In the first industrialized countries, technical improvements in agriculture favored the development of industry and services by generating demand and capital for other activities. However, this structural transformation process has not taken off in several developing countries. The theoretical literature has offered an explanation: the demand and capital channels might not be operative in open economies where industrial goods can be imported and savings can be exported. However, there is scarce direct empirical evidence testing the mechanisms proposed by these models.
In our work, we bridge theory and evidence by tracing the effects of recent agricultural technical innovations such as GM crops matching several large micro-data sets from Brazil. First, we study their effects on local labor markets. We show that new technologies are labor-saving. Thus, their adoption increased comparative advantage in agriculture but released agricultural workers who found employment in the local industrial sector (Bustos et al., AER 2016).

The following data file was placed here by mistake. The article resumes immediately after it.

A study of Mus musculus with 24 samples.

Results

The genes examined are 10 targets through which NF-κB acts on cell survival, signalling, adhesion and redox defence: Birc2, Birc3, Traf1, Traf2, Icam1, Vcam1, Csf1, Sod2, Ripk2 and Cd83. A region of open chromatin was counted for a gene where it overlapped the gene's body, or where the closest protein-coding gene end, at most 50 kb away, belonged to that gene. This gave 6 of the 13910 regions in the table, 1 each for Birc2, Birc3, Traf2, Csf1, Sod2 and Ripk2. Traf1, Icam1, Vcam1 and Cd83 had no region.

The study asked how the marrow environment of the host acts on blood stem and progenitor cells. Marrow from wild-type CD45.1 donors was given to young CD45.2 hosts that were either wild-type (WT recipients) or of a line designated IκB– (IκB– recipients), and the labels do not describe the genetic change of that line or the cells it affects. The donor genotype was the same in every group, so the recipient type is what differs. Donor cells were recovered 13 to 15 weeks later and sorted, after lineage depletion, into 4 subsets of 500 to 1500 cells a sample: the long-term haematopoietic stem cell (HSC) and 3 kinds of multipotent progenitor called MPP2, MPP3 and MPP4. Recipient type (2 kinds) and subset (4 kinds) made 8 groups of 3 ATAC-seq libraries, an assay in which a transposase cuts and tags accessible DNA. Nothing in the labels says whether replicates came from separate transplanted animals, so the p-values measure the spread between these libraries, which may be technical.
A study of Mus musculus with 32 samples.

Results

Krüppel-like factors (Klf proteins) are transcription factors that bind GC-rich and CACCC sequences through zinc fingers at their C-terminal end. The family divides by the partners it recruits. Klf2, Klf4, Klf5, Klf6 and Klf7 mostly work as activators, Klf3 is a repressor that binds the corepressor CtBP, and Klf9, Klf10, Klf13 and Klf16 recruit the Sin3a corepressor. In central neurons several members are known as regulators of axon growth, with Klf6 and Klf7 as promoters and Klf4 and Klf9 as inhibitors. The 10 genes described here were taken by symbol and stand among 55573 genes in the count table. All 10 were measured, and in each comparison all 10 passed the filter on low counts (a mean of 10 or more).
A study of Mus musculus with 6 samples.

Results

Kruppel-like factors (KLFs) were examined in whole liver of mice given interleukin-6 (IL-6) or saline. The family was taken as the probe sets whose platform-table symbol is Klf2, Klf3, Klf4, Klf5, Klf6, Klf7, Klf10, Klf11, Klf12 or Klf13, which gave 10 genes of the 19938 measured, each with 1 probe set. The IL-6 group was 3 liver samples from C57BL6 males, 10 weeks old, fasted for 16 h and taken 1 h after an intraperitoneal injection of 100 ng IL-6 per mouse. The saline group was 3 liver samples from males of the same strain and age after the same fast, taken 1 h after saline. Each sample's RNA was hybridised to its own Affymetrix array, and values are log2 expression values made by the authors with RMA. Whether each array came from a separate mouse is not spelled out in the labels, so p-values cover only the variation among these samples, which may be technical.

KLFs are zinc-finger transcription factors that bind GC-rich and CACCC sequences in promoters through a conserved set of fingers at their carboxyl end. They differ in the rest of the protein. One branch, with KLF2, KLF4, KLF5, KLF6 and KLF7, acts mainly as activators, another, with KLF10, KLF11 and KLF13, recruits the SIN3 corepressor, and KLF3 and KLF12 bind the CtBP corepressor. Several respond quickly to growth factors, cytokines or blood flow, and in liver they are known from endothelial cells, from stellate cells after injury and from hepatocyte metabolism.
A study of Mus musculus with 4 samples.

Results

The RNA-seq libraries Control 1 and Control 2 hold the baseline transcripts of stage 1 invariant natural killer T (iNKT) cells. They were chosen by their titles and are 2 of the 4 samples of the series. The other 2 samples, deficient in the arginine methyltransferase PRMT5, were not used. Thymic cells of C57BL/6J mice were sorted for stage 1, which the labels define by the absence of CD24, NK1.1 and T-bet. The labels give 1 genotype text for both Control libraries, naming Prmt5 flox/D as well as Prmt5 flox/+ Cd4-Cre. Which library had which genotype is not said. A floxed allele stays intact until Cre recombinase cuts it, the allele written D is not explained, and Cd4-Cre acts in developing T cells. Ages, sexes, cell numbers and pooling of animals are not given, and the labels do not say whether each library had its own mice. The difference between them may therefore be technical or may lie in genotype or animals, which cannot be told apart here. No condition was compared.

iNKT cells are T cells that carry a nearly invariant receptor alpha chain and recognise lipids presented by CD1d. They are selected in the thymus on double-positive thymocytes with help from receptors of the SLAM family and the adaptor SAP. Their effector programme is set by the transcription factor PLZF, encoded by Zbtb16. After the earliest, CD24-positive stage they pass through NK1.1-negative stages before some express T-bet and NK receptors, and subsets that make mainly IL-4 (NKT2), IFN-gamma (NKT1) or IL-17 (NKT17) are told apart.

Second, we study the effects of structural transformation on long run growth. We find that workers leaving the agricultural sector were unskilled. As a result, they reallocated towards the least skill-intensive manufacturing industries, reinforcing their comparative advantage. Growth in low-skill industries attracted workers formerly doing R&D in high-skill industries. Thus, aggregate manufacturing productivity growth slowed down (Bustos et al., NBER WP 2019).
Third, we study the effects of the agricultural boom on capital markets. We use detailed agriculture census and bank-branch level data to show that agricultural productivity growth did not generate an inflow of capital into the agricultural sector. Instead, it led to capital outflows from rural areas. Banks redirected agricultural savings to urban areas within the country where they were invested in the manufacturing and service sectors (Bustos et al., QJE forthcoming).